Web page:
One of the things that's been keeping me busy during this last semester of rabbinic school is working with my colleagues to plan our smicha ceremony. Back in January of 2006 I witnessed my first smicha. It's pretty amazing to reread what I wrote then, knowing now that the next ALEPH smicha ceremony will have my dear friends and me at its heart. Each year the ceremony is slightly different, because each year the smicha class makes choices about how they want their service to flow. There are certain elements which are always present, of course, but there are also things which change from year to year.
My class -- a group of ten in total -- is planning some additions and innovations which I think and hope will be really sweet. Plus, of course, we'll be doing all of the pieces which we've come to cherish over the years we've been attending ALEPH ordinations. Anyway: the ten of us have been meeting via conference call every couple of weeks. It feels a little bit like trying to jointly plan a wedding with nine other partners! But it's holy work, and even when we're disagreeing about one idea or another, the conversations are a lot of fun. Somehow I wound up in charge of the "Who we are" speech and also the printed program (I think I must have volunteered?) so those have been keeping me busy. And I've started to work on my d'var Torah for the smicha ceremony, which will take the form of Torah poems rather than prose.
Meanwhile, I've been trying to keep up with my medieval history reading (and beginning to think about my two final papers for that class, both due on 12/1) and with the reading for my feminist exegesis class (this week I'm reading Ilana Pardes on the book of Ruth.) Fortunately, my parashat hashavua as a mirror for spiritual development class doesn't have a heavy reading load -- though I'm doing my best to stay on top of that too, and this week I have to write a short d'var to offer in class next week. Later this morning I'll meet again with my spiritual direction group (three people who have gathered for group spiritual direction; we'll meet together throughout the coming year) and will continue doing my best to learn on-the-job how to keep our conversation flowing and holy while also respecting the silences which sometimes need to arise.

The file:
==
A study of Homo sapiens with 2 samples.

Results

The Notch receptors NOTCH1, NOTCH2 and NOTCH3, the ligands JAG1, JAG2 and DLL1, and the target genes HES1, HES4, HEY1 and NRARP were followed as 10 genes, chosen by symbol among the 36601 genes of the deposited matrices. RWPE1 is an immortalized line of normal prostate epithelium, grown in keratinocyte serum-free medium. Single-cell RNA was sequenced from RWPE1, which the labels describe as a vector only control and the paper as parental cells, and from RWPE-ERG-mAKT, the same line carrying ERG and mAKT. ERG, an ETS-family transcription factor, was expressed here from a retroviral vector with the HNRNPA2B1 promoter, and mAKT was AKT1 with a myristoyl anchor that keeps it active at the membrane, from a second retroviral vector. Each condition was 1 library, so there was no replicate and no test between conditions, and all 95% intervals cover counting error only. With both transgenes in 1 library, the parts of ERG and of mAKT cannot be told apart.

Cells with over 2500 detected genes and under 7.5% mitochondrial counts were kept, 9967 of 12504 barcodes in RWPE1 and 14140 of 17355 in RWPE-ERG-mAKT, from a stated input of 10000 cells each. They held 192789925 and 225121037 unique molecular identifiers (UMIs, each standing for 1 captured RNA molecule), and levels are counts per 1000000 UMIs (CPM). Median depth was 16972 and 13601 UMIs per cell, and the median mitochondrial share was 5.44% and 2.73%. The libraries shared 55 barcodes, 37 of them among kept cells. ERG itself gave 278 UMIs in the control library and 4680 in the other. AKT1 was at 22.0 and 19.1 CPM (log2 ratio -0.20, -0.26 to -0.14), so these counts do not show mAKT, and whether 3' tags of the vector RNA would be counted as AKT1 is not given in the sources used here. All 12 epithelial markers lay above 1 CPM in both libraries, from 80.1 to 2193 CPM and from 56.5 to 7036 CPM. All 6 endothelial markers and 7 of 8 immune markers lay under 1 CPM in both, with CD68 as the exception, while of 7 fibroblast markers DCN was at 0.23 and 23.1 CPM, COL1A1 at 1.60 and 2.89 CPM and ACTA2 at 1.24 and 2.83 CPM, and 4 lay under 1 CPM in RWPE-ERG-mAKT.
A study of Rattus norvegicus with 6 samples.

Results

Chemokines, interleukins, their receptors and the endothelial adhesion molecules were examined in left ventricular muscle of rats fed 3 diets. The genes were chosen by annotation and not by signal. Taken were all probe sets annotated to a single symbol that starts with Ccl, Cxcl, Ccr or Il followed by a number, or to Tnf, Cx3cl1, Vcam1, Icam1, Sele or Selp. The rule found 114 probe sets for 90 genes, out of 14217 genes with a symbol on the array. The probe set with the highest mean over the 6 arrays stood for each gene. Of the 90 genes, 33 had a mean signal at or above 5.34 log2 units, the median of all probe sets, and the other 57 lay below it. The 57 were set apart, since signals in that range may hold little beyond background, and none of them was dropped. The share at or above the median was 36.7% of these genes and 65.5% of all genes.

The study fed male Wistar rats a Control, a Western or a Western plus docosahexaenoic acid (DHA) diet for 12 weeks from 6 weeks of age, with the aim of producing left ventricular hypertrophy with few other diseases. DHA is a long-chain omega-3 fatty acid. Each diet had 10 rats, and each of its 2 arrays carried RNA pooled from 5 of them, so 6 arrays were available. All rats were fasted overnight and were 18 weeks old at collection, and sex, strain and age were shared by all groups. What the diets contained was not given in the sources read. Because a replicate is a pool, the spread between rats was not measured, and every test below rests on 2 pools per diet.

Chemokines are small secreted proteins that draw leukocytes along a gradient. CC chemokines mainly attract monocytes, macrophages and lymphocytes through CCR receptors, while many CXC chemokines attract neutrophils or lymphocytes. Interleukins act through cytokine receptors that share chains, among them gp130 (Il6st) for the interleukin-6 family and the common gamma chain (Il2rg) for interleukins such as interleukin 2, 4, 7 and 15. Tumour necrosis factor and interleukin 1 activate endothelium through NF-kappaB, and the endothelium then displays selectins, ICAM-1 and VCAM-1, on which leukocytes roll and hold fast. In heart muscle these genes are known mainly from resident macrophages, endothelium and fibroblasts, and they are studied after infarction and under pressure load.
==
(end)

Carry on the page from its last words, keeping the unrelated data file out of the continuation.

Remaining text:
Beyond that, I'm trying to juggle life and friends and marriage and baby -- and to write one poem each week -- and behind the scenes I've been working on a creative project about which I'm ridiculously excited; more news on that coming soon, I hope. (No, not another baby. The one we've got is plenty, thanks.) Yesterday I turned in the epilogue to my spiritual autobiography -- each applicant to the ALEPH program is required to write a spiritual autobiography, and as we prepare to exit, we're asked to write an addendum or epilogue, something which brings the story of our spiritual lives up to date. Writing that epilogue drove home for me just how much my spiritual life has changed since the summer of 2005.
It's hard to believe sometimes that this is my last semester of school. I have loved this program more than words can express, and yet I find that I feel ready to be done and to see what it's like to enter the next chapter of my life, whatever that may hold. Of course that doesn't mean I'm finished learning; I'm not sure one is ever finished learning, especially in Judaism! But I'm beginning to feel ready to be done with school. Because I'm in the hashpa'ah (spiritual direction) training program, I'll have a few more classes to complete in the year after my rabbinic ordination; once I've finished those, and finished the practica involved with that program, I'll be ordained as a spiritual director in 2012. But rabbinic school qua rabbinic school will end two months from today, on January 9. Pretty wild to contemplate. What an amazing journey this has been.